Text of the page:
In 2011, the Miami Dolphins swept the Buffalo Bills. In the three seasons since, the Bills have won four of five games against Miami, and are currently on a three-game winning streak dating back to the start of the 2013 season against their division rivals.
They'll put that hot streak against Miami on the line again this evening when they take on the Dolphins in South Florida on Thursday Night Football.
On September 14, after the Bills had extended their winning streak to three with a 29-10 thumping of Miami in Orchard Park, Dolphins linebacker Phillip Wheeler told reporters: "I think the Bills are built to beat us. They have a good scheme against us every year... Their defense stops our offense. Their offense runs the ball on us."
Wheeler isn't wrong about that first point. During the three-game win streak, the Bills have yielded just 31 points to the Dolphins, including 10 points in the last two games combined (both of which took place in Western New York). Bills defenders have sacked quarterback Ryan Tannehill a total of 13 times in those games, including 11 in the last two. (Mario Williams also had two key sacks in the Bills' 23-21 road win over Miami last October.)
Williams has four of those sacks, with at least one in each game. Kyle Williams has three, Jerry Hughes has two, Nickell Robey has two, and Stefan Charles and Da'Norris Searcy each have one. (It's time for Marcell Dareus to get on the sack-Tannehill train, no?)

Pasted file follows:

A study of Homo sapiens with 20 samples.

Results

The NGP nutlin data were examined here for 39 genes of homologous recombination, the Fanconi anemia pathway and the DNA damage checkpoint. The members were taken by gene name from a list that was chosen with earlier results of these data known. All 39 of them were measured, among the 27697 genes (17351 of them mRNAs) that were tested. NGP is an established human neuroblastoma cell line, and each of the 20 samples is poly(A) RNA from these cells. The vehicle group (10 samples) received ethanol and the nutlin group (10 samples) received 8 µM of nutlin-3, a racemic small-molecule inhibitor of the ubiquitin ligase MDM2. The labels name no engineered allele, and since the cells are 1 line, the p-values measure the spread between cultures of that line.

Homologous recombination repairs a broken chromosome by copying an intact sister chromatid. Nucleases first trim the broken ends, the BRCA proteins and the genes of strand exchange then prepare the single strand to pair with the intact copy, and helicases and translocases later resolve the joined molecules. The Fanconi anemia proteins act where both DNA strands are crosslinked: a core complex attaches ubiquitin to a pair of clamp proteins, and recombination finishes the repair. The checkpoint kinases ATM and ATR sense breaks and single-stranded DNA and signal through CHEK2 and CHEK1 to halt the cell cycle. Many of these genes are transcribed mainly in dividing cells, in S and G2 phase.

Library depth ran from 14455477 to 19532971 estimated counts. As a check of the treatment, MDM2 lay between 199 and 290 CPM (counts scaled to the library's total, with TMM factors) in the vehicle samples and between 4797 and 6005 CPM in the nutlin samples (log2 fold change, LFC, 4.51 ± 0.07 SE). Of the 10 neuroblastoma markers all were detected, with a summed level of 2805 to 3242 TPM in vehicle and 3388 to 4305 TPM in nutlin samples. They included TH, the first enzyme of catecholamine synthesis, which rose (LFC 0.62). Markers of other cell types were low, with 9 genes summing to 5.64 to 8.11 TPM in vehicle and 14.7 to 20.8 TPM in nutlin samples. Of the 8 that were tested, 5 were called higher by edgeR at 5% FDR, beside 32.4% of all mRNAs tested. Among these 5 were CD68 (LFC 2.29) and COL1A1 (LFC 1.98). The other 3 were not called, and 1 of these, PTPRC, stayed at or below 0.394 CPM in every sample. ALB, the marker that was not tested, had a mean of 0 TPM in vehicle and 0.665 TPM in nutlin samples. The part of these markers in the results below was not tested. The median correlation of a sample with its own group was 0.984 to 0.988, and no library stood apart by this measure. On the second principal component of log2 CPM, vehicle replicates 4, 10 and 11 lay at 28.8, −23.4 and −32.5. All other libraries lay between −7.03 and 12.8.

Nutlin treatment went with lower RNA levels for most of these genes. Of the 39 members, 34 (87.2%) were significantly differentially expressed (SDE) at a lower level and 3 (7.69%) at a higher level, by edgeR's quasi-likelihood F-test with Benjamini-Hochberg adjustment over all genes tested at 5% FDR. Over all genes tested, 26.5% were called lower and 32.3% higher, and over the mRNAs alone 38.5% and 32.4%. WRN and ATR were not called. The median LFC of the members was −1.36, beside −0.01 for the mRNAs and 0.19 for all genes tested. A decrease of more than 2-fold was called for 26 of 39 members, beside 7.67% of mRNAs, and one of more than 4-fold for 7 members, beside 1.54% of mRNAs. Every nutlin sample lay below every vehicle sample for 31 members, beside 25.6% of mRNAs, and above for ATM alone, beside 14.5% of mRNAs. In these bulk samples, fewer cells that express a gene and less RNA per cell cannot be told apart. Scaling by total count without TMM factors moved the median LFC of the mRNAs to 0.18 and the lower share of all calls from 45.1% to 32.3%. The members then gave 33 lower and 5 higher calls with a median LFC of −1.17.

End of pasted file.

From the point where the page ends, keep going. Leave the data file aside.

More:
The running game, however, is less ironclad. Buffalo accumulated just 90 yards on the ground in the road win last fall, relying instead on a Robey pick-six, three Dan Carpenter field goals, and that defense to eke out a tough win. And their 113-yard rushing output from Week 2 earlier this season was not especially excellent, either; Sammy Watkins (117 receiving yards) did most of the damage in that game. (They did run for 203 yards in Week 16 last season, so there's that.)
Still, Wheeler's point holds: the Bills have handled the Dolphins with relative ease in their last three meetings, largely because of their defense. But Miami presents its own set of problems, starting with their own defense and extending to the venue for tonight's game.
Even though they're 3-0 in their last three against the Dolphins, the Bills haven't exactly set the world on fire offensively in those contests. They've been responsible for just 57 points in those game (19 per), with the Robey pick-six and a C.J. Spiller kick return score bolstering the final outcomes. And aside from the 390-yard outburst in the home game last season, Miami has held the Bills to 268 and 315 yards of offense in the other two wins. EJ Manuel was not sacked earlier this season, but a Dolphins pass rush featuring Cameron Wake and Olivier Vernon should have an easier go of trying to track down Kyle Orton.
Then there's the issue of the Bills playing in Miami. Prior to last season's road win, Buffalo had won just one of their previous five games against the Dolphins in South Florida. Even factoring in the two wins in six tries, the average final score of a Bills-Dolphins game in Miami has been 26-14 in favor of the home team. Three-game win streak or not, the Bills have not played particularly good football in Miami for the last half-decade.
Tonight's Bills-Dolphins matchup pits two 5-4 outfits trying desperately to stay relevant not only in the AFC playoff race, but also within a prayer of catching New England in the AFC East, as well. Time will tell which streak - the Bills' recent dominance over Miami, or their struggles playing in South Florida - will continue.